SXSW 2013 Review: BIG ASS SPIDER! Attacks Los Angeles With More Humor Than Horror


Truth in advertising is such a rare commodity that Big Ass Spider! gets one of its eight legs up on the competition because of it.

Clearly, director Mike Mendez and his collaborators behind the camera completely buy into the idea of a cheerful, R-rated monster movie, something with the spirit of Joe Dante's Piranha or Lewis Teague's Alligator, both scripted in part by John Sayles. Those two movies updated 50s creature features for the more cynical crowd of the late 70s and early 80s, yet respected their varied inspirations as the stuff of which nuclear nightmares are made.

Big Ass Spider! has fun with the idea of a giant spider terrorizing Los Angeles, mostly by centering the film around the unlikely heroic duo of expert exterminator Alex Mathes (Greg Grunberg) and security guard Jose Ramos (Lombardo Boyar). They meet when Alex is called upon to capture a large spider that bit a morgue attendant in a hospital where Jose works. Alex declares that he 'knows how spiders think' and fearlessly heads into a vent in search of the critter, while Jose provides wisecracking commentary.

The man-biting spider is no ordinary arachnid, however, and soon enough the Army arrives to put an end to the pest, which is growing exponentially -- and rapidly -- and seems to enjoy eating its human victims. The military contingent is led by Major Braxton Tanner (Ray Wise) and his trusted assistant, Lieutenant Karly Brant (Clare Kramer), with a wild-haired scientist (Patrick Bauchau) in tow. As is always the case, Something Went Wrong and now the miliary is charged with making it go away, which becomes more challenging when the creature escapes from the hospital and is captured on amateur video.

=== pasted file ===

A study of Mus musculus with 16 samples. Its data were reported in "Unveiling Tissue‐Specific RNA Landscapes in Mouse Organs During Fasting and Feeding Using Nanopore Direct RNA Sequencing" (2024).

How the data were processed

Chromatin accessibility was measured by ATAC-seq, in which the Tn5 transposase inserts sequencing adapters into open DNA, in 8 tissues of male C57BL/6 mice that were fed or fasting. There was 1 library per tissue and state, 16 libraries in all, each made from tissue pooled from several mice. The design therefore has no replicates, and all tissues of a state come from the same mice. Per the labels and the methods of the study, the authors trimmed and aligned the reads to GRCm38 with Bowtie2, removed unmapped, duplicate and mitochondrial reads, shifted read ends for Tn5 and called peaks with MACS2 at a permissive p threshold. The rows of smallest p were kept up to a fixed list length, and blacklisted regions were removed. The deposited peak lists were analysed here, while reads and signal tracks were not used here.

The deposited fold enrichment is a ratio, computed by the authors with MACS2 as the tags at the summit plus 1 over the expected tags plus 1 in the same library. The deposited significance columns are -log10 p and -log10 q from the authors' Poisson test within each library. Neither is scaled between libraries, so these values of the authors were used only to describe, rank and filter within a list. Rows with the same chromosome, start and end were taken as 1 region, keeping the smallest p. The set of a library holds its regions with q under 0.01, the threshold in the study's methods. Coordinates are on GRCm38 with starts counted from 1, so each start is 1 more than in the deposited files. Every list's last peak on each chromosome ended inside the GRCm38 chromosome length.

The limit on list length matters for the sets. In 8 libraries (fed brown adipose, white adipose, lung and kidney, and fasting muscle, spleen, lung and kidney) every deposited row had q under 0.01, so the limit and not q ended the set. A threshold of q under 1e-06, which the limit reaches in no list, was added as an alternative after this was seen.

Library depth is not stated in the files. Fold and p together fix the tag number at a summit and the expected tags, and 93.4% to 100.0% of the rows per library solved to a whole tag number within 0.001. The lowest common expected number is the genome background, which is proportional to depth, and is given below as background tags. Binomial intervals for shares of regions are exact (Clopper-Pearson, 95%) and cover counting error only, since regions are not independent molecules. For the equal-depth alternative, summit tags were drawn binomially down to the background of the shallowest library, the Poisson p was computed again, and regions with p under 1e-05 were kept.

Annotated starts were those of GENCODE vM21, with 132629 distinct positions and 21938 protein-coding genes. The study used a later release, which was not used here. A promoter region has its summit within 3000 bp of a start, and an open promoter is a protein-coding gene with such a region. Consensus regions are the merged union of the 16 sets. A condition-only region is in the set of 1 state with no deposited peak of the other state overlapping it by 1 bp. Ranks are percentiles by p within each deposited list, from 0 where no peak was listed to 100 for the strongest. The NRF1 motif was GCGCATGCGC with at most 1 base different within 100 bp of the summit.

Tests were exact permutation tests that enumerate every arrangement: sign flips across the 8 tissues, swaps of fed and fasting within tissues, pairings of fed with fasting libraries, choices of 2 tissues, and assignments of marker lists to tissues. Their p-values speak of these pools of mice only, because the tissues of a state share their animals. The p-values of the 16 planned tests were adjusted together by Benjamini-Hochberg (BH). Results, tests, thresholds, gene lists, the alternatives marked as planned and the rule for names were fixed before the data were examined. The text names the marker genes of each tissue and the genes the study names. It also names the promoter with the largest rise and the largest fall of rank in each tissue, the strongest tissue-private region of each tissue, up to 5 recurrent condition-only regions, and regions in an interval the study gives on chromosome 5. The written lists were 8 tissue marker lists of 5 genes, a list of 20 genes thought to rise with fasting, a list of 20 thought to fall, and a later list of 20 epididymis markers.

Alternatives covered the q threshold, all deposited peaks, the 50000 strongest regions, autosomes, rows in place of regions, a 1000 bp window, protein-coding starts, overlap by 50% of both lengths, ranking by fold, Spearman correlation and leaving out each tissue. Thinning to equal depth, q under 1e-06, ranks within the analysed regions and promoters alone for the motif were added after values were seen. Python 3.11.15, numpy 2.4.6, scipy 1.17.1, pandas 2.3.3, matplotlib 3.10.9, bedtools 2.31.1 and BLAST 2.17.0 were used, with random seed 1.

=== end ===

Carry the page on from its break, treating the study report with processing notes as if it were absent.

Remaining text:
The silliness escalates as the body count rises. But, really, what else can be expected from a movie titled Big Ass Spider!?

What differentiates the movie from its cheap SyFy Channel, basic cable television counterparts is that director Mike Mendez, who also served as editor, keeps the action clipping along faster than the giant spider can munch its way through the beleagured citizens of Los Angeles. The visual effects, low-budget though they may be, are surprisingly effective, and the design of the spider itself is clever and distinctive. Gregory Gieras' script covers all the bases and inserts plenty of one-liners that are needed for this kind of self-aware, lighthearted horror picture.

The comic pairing of Grunberg and Boyar also works wonders. As an exterminator and a security guard, they mock themselves mercilessly, and their breezy style matches the tone of the movie as a whole, in which mirth and mayhem are equal partners.

The film enjoyed its world premiere at SXSW last night. Big Ass Spider! screens again in the late-night slot on Thursday, March 14, and Friday, March 15.




Any hommage to old creature features that almost fully relies on CGI is a massive fail imo.

Super RootyMarch 12, 2013 3:35 PM

Any review that talks about a film it hasn't seen is a massive fail imo. But hey, feel free to enlighten us with the rest of your opinions, fuckface.

pjamMarch 12, 2013 3:35 PM

Correction: Writer's name is spelled Greg Gieras

Simon de BruynMarch 12, 2013 3:59 PM

Thankyou. Have edited accordingly.

MessiahmanMarch 12, 2013 5:05 PM

The movie's a blast. Funny, witty, smart and not at all self-serious. This is the precise antidote needed to combat all those awful made for SciFi films that have poisoned the airwaves in recent years. Mendez's direction is expert, and the performances are all spot-on. It's intentionally funny, and all the gags work like gangbusters. Can't wait to see this find the cult audience it very much deserves. Great stuff!

Mehaillien ThundercrossMarch 13, 2013 12:11 AM

Isn't that big guy a psychic? That should come in handy.